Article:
The reserve is also famous for the Black-browed Albatross which joined the Gannets on the point of Saito in 1972 and returned there for several years thereafter, although it has not been seen for several years. Other rarer visitors to the island have included White-throated Sparrow and a Yellow-headed Blackbird, both in spring 1987, Pechora Pipit, Blyth's Reed Warbler and Common Yellowthroat.
The same seabirds as those on Unst can be seen on Fetlar (apart from nesting Gannets), although in smaller numbers, but the isle is probably best known for the Snowy Owls which nested there between 1967 and 1975 rearing a total of 20 young. Sadly the owls are no longer resident on the island and the only recent sightings have been of a male caught aboard a fishing boat and released there in 1994. Fetlar also boasts almost all of Britain's breeding Red-necked Phalaropes. This species is best seen at the Loch of Funzie in the south of the Island where they often feed (allowing excellent photographic opportunities as they swim around only yards from the road), or from the nearby RSPB reserve hide overlooking the marshy pools. A small colony of Manx Shearwaters also breed on the island and can be seen in Tresta bay in evenings during the summer. Migrants may be found anywhere on the island but the numerous small vegetated gardens are obvious attractions; past records on the island include Chestnut-sided Warbler, Yellowthroat, Red-flanked Bluetail, Little Swift, Hermit Thrush and Two-barred Crossbill. A warden is present throughout the year and is available for information, the wardens house is signposted from the ferry terminal.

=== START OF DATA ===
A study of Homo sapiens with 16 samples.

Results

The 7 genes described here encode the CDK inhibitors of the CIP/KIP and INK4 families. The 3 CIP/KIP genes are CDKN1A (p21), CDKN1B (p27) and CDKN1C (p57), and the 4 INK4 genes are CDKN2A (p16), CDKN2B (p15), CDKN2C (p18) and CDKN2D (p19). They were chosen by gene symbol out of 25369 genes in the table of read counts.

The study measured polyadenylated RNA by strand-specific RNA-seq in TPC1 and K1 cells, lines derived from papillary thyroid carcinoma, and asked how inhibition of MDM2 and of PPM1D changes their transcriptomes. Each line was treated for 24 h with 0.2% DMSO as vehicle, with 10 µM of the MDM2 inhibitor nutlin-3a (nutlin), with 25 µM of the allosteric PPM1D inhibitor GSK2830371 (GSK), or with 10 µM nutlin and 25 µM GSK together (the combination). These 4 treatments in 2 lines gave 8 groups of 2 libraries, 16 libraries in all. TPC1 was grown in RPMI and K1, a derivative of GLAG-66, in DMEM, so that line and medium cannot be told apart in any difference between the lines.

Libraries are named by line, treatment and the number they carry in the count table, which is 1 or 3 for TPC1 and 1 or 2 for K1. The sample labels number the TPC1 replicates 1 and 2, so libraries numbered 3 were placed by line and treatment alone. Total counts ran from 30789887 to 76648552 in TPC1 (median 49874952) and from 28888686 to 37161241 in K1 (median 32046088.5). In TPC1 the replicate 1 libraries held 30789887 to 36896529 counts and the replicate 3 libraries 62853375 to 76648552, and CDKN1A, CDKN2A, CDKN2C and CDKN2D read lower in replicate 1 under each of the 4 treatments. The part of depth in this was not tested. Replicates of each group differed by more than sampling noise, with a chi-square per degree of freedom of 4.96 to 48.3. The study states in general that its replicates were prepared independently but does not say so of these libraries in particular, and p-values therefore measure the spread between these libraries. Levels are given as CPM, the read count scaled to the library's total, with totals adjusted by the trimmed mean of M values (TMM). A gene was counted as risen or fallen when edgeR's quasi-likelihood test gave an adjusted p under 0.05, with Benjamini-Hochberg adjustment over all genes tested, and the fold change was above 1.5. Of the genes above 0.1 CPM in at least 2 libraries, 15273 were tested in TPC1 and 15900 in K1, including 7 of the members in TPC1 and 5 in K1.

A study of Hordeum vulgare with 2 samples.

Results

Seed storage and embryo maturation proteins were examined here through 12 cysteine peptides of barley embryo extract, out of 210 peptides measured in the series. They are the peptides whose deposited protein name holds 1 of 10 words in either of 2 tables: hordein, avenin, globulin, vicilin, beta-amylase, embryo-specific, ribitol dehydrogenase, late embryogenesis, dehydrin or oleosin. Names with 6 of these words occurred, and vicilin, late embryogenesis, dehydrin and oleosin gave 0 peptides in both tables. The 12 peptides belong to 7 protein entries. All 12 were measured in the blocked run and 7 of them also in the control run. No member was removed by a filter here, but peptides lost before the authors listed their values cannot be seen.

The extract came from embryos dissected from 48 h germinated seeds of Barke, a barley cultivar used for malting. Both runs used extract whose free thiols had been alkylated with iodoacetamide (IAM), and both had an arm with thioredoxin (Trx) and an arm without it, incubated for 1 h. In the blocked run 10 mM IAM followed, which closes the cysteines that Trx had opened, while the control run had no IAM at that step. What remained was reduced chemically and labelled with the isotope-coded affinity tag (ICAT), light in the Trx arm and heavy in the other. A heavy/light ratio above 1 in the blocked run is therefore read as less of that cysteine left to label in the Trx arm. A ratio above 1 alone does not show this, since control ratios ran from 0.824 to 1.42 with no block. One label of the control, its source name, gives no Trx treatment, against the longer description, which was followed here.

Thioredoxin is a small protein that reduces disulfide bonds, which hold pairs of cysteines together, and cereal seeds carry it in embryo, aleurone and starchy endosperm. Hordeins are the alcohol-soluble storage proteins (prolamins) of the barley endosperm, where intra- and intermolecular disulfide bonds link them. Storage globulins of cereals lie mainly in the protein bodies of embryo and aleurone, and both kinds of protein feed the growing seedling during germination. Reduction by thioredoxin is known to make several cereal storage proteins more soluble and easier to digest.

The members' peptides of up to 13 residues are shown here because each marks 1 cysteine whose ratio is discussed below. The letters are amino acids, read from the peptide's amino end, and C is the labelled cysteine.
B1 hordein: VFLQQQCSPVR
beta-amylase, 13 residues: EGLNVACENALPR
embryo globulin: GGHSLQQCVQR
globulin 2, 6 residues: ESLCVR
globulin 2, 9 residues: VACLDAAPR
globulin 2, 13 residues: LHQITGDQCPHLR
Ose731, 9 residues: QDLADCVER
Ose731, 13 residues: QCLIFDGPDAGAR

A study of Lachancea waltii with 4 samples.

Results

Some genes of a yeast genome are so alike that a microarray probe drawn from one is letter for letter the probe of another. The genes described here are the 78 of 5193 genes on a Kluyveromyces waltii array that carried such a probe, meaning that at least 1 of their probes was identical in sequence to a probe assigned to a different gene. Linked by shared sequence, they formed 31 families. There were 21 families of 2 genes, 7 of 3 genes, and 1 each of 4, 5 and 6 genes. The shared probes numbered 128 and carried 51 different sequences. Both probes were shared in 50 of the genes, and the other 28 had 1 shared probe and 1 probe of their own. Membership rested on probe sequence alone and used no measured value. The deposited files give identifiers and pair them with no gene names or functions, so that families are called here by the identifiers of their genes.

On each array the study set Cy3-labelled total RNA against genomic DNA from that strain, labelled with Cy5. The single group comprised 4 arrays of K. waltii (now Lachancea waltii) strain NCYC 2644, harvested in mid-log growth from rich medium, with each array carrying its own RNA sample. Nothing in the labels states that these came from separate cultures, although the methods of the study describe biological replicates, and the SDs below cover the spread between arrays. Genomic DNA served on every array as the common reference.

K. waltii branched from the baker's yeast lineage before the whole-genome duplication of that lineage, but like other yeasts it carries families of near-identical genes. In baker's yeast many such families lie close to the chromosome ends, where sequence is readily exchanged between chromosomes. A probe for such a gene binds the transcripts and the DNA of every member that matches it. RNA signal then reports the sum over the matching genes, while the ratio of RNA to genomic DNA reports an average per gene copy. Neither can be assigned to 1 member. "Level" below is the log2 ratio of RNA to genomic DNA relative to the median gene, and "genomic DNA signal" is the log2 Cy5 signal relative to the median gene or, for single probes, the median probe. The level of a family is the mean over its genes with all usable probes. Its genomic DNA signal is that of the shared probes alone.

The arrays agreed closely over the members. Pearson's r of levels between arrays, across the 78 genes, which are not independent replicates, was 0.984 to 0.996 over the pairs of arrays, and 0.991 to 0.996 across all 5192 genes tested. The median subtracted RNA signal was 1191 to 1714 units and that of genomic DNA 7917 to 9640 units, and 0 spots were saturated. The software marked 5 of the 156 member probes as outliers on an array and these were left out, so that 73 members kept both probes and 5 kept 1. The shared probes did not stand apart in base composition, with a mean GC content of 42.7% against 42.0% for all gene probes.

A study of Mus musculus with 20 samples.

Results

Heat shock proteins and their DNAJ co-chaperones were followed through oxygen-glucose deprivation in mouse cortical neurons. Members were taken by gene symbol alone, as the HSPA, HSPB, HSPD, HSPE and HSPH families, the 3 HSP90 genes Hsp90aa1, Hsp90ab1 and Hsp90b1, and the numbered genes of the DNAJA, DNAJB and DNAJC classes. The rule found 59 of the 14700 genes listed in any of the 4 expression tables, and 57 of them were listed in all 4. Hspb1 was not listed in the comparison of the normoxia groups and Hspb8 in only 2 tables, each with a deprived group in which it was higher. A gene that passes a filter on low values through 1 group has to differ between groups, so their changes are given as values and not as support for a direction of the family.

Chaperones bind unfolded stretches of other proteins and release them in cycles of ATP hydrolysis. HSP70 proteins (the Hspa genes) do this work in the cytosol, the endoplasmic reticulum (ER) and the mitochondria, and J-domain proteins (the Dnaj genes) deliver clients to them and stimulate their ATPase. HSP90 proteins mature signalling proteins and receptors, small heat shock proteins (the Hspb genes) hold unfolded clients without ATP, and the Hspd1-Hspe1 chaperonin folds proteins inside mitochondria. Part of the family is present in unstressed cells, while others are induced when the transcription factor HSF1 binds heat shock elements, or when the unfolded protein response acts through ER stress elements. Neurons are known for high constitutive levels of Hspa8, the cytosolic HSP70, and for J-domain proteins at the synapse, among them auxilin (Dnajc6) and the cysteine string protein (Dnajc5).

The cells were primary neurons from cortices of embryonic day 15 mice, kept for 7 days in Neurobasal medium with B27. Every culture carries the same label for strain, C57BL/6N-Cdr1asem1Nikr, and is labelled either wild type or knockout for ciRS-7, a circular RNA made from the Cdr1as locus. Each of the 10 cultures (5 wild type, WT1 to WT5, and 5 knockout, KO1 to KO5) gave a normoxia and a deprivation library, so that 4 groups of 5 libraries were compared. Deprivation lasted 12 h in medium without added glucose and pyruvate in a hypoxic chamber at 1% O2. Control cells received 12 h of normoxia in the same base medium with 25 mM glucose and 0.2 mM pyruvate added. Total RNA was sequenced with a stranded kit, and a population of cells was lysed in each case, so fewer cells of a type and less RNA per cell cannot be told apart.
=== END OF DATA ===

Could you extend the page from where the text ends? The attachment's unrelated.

Almost completely covered in peat and heather, Yell is quite different from the other northerly islands. The island is notable for the number of moorland species breeding there, although the occasional pair of Common Scoters no longer nest. The Lumbister reserve in central Yell comprises 4,000 acres of heather moorland and blanket bog and supports breeding Red-throated Divers, Arctic and Great Skuas, Merlins, Golden Plover, Curlew, Snipe, Dunlin, Twite and a few Whimbrel. Access to the reserve is unrestricted and the Fetlar warden is also responsible for this reserve.
The most rugged part of the main island also encompasses Ronas Hill at 450m, Shetland's highest hill, around which is remote moorland with numerous small lochs supporting breeding Red-throated Divers, several species of moorland waders and Arctic and Great Skuas. On the west side are high cliffs with several species of breeding seabird, especially at Eshaness. Good places to visit for migrant passerines are the plantation at Sullom village (across the voe from the Sullom Voe Oil Terminal), the plantations at Voe and at Vidlin.